An unscrupulous reporter takes advantage of a tragic story to sell papers and manipulate the world -- sound familiar? This is a common tale, but it was seldom told with such comic flair as in 1937's Nothing Sacred. Starring Fredric March as the reporter and Carole Lombard as the heroine of his sad story, the movie deftly layers its screwball comedy with biting cynicism to take aim at newspapers more desperate for profit than truth, a public more interested in sensational tragedy than reality, and individuals wiling to sidestep decency in favor of ill-gotten perks.
The movie begins in a small town in Vermont. The local doctor diagnoses Hazel Flagg (Lombard) with fatal radium poisoning, and she only has a short time to live. Wally Cook (Fredric March) is an aggressive reporter in New York demoted when his 'African prince' story is revealed to be a hoax. He is desperate to regain his position and rushes to Vermont when he hears about poor Miss Flagg. He knows he can turn her tragedy into a paper-selling bonanza!
But the doctor was wrong: Hazel is actually in perfect health! Wally is undeterred by this shocking revelation and convinces Hazel to pretend she is still dying in exchange for a whirlwind trip to New York City. The small town girl longs for a bigger, more exciting life, so she goes along with the scheme. It's just a 'harmless' lie, after all?
Wally's tearjerking stories makes Hazel the toast of New York. The public is fascinated by the tragic beauty, and society comes out in full force to show her a wonderful time before her imminent death. People seem to enjoy dipping into Hazel's tragedy -- although Wally and Hazel are 'villains' for manipulating the world, the world's empty, voyeuristic sympathy is less than heroic.
Eventually, Hazel feels terrible for lying, and even cynical Wally starts to question his scheme. But how can they undo the giant web they've woven? With plenty of screwball nonsense, pratfalls, and one famous slugfest, of course!
Nothing Sacred was written by former reporter Ben Hecht after he read the short story 'Letter to the Editor' in Hearst's International-Cosmopolitan. David O. Selznick asked him to come up with a comedy for Lombard, and Nothing Sacred seemed perfect. Hecht was one of the pens behind Lombard's breakout role in Twentieth Century (1934) and he used his experience as a reporter to write The Front Page (1931), remade as a little movie called His Girl Friday (1940). Hecht infuses Nothing Sacred with his trademark snappy, quick dialogue and screwball sensibility.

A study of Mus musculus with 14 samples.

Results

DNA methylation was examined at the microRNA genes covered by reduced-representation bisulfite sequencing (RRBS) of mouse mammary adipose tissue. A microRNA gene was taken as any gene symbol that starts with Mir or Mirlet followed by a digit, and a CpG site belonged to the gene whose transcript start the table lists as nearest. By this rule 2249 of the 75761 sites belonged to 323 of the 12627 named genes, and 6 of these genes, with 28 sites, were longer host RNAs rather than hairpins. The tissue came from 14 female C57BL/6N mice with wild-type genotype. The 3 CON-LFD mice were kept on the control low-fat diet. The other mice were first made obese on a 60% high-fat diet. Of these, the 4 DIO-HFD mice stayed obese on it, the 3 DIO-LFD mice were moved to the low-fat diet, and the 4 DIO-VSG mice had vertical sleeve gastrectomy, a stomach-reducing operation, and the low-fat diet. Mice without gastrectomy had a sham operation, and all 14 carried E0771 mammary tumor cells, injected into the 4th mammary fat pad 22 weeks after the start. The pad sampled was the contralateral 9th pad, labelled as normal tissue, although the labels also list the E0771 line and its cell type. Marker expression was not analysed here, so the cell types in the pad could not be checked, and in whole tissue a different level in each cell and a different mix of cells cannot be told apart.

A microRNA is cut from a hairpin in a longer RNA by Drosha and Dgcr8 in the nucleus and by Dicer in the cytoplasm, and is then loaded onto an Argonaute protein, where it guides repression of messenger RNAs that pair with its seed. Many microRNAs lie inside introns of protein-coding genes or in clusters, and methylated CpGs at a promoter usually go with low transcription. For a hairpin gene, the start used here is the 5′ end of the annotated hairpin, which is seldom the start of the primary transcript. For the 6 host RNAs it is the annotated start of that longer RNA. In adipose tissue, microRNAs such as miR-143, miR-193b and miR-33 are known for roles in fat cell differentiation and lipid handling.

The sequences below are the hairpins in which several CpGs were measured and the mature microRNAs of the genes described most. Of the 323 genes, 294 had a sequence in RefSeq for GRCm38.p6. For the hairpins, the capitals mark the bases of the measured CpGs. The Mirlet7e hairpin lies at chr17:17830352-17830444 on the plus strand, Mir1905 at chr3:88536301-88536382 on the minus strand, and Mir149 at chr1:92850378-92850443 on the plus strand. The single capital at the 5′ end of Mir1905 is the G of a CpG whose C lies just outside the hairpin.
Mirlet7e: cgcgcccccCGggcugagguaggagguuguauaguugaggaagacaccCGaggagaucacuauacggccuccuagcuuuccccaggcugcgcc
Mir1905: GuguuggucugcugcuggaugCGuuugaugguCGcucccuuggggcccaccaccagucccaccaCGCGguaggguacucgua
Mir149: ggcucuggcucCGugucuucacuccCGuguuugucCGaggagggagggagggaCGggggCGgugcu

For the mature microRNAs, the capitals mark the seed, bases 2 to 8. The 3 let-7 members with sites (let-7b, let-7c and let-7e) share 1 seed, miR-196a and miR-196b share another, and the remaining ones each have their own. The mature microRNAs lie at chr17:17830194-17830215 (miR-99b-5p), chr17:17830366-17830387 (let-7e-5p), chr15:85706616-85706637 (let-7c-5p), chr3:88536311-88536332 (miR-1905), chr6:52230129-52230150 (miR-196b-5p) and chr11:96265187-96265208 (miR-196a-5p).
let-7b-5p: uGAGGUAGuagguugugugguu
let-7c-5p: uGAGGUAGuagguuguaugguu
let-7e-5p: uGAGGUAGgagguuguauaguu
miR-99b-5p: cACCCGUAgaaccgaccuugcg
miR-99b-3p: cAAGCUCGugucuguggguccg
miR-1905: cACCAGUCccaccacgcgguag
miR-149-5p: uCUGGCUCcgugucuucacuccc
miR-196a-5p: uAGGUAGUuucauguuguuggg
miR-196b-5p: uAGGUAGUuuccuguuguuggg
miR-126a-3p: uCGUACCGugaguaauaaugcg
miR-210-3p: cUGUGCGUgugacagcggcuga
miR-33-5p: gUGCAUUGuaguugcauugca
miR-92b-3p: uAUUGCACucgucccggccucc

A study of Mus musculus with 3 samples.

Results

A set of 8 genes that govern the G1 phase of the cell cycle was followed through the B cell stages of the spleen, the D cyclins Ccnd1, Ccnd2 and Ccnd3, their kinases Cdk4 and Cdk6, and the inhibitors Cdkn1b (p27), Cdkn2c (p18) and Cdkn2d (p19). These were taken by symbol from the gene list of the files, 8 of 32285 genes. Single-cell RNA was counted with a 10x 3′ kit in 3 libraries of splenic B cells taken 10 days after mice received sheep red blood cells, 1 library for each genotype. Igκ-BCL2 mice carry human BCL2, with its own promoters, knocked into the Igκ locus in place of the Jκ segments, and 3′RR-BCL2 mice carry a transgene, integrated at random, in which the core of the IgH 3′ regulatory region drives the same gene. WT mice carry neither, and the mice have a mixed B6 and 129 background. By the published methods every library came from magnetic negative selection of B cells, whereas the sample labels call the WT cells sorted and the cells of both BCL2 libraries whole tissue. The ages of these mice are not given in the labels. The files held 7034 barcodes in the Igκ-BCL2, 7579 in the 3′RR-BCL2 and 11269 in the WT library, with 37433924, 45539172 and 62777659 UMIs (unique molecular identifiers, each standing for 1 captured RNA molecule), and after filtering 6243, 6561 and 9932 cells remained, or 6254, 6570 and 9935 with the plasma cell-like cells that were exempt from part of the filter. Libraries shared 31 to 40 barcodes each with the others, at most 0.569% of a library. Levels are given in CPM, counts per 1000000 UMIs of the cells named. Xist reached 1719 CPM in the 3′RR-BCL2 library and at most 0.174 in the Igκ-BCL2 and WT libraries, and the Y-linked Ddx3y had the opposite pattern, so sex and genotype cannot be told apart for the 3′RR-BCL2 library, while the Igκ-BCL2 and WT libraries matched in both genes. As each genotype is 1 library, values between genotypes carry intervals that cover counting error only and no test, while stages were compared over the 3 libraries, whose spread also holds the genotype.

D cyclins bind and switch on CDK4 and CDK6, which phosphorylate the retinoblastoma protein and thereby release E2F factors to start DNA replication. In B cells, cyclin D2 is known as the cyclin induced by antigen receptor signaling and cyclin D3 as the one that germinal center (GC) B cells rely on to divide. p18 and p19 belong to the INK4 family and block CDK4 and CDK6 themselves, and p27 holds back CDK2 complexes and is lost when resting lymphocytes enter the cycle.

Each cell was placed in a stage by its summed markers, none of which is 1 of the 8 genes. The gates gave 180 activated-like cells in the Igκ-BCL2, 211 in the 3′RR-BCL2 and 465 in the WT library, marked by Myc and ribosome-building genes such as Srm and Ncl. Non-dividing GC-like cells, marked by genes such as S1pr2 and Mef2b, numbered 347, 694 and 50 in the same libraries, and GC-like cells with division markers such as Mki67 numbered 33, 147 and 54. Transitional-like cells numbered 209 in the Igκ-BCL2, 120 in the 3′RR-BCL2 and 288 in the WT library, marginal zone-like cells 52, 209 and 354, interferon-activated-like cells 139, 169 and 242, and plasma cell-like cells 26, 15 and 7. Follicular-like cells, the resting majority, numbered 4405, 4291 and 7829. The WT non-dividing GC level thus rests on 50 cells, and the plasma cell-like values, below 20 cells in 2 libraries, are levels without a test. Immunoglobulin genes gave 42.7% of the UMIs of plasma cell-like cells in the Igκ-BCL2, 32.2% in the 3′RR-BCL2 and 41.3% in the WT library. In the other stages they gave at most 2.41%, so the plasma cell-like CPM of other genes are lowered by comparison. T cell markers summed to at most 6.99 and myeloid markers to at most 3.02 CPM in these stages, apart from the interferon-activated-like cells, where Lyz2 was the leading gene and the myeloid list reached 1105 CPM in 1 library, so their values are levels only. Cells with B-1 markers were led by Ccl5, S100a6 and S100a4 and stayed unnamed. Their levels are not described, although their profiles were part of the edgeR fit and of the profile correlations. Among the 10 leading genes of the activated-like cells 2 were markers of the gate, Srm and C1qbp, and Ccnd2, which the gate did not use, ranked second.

But it wasn't an easy journey from script to screen. Hecht wanted the film to star his friend John Barrymore, but the actor was deep in the throes of alcoholism and struggled to complete his last few movies. Selznick wasn't going to take a chance with the actor, so he refused to cast him. Hecht remained on the project until Selznick asked him to craft a happy ending. He declined to sully his clever black comedy with a tacked-on, Hollywood finale, so he left the film. Selznick then called in four other screenwriters, including Dorothy Parker, to complete it.
As usual for a Lombard movie, production was an entertaining series of practical jokes. Lombard and March drove around the backlot in a fire truck during breaks, and Lombard convinced crew members to put director William Wellman in a straitjacket. Perhaps in exchange for that prank, Wellman personally 'helped' Lombard prepare for the fight scene with March! The joy and whimsy of the production comes through onscreen and makes what could be a rather bleak story crackle with delightful screwball energy.
Carole Lombard later said Nothing Sacred was one of her favorite films, and critics were generally positive. The New York Times called it 'one of the most entertaining' of the season, and Screenland agreed, writing it was one of the 'most provocative pictures to be seen these days.' The review added that the comedy is 'unselfconsciously ribald and unconventionally robust' and stands up to repeat viewings.
Nothing Sacred is also noteworthy as an early color film; one of the few screwball comedies in color -- since that genre flourished in the 1930s, few films used the relatively new and expensive Technicolor process. The movie also features the first montage and process effects in Technicolor. It was the first to incorporate rear screen projection and used footage filmed on location in New York, another rarity at the time. Nothing Sacred also holds the distinction of being Carole Lombard's only color movie. If you've never seen the blonde dynamo in glorious Technicolor, this is your chance!
Nearly two decades after its release, Nothing Sacred was turned into a Broadway musical called Hazel Flagg in 1953. A year later, Paramount adapted it to the screen as Living It Up starring Jerry Lewis in the Lombard role, Janet Leigh as the reporter, and Dean Martin as the doctor in a role that was considerably beefed up.
Cameron Howard has loved classic movies since she was a kid checking out VHS tapes from her local library. Today she lives in Durham, NC, and writes about classic Hollywood at The Blonde at the Film.